I'm Sorry, Open Source Sniffers

About a month ago I went on a petulant rant about how frustrating it can be to work with open source WiFi sniffers. Well, I'm sorry. It turns out that using the DWL-G122 with KisMAC is pretty darned simple.

For those that haven't read the previous post, here's the basic setup:

-Mac OS X laptop (I'm using 10.6 now, but 10.5, 10.4, etc. have all worked for me.)
-D-Link DWL-G122 802.11b/g USB adapter
-Wireshark (latest version)
-KisMAC (latest version)

To do free sniffing with this setup, you just go into Preferences -> Driver in KisMAC and select the RT2750 driver. Then you choose a file path for the resulting Dump file and begin your capture. After the KisMAC capture has begun, you can open Wireshark and then just open the dump file.

The capture won't be live because you're capturing in one application (KisMAC) and viewing the captured frames in another (Wireshark), but you can always just hit Reload in Wireshark to get the latest frames that KisMAC has captured.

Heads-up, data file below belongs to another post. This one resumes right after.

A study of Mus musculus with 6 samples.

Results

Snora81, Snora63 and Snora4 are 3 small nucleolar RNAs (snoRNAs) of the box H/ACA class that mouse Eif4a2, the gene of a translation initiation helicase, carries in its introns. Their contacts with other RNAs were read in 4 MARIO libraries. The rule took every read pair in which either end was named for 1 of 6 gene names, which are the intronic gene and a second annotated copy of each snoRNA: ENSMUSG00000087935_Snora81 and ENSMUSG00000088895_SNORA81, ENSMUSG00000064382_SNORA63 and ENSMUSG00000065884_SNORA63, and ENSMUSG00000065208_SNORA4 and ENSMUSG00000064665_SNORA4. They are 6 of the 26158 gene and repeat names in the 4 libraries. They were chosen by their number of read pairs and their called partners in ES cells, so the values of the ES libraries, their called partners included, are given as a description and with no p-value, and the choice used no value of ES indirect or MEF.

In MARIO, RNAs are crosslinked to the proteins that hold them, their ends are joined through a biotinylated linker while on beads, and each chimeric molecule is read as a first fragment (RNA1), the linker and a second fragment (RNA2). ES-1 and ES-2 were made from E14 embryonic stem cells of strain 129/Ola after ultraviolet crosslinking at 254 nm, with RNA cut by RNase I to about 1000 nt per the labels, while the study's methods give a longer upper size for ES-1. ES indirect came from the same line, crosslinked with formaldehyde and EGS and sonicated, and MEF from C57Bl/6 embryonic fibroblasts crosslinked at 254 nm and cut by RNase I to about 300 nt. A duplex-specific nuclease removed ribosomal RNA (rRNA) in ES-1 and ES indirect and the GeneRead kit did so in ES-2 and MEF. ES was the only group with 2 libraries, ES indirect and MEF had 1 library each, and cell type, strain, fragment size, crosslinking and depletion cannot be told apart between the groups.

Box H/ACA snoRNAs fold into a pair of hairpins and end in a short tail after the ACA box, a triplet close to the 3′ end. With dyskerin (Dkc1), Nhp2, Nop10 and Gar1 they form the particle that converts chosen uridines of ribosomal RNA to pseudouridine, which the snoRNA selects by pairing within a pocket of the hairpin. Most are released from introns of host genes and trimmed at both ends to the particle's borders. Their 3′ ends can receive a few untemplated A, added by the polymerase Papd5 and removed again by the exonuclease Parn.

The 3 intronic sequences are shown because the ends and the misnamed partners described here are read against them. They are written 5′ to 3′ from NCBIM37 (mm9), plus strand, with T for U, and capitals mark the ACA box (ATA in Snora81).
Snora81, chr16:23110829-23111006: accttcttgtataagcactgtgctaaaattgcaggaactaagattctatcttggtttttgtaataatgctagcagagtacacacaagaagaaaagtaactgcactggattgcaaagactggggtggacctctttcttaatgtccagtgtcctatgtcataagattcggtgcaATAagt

In my aforementioned previous post, I decried the fact that the DWL-G122 was missing all control frames (Acknowledgments, Clear-To-Sends, etc.) and most data frames. Well, no longer. I have no idea why, but now it's working well. As I've come to expect with open source software there are times when you'll have to close and reopen KisMAC or reboot the computer to get the capture going the way it's supposed to work, but I find that's a small price to pay for free sniffing.

For OS X users, I'd recommend this setup as strongly as possible. You do miss out on 802.11a and 802.11n captures, but it really is your best option for sniffing most WLANs.

NOTE: In my previous post I promised an overview of the MiFi 2200 from Novatel on Verizon Wireless. Sadly, my girlfriend is still hogging the MiFi and I haven't been able to sniff it, yet. I should have some time to do it next week so look forward to that post relatively soon.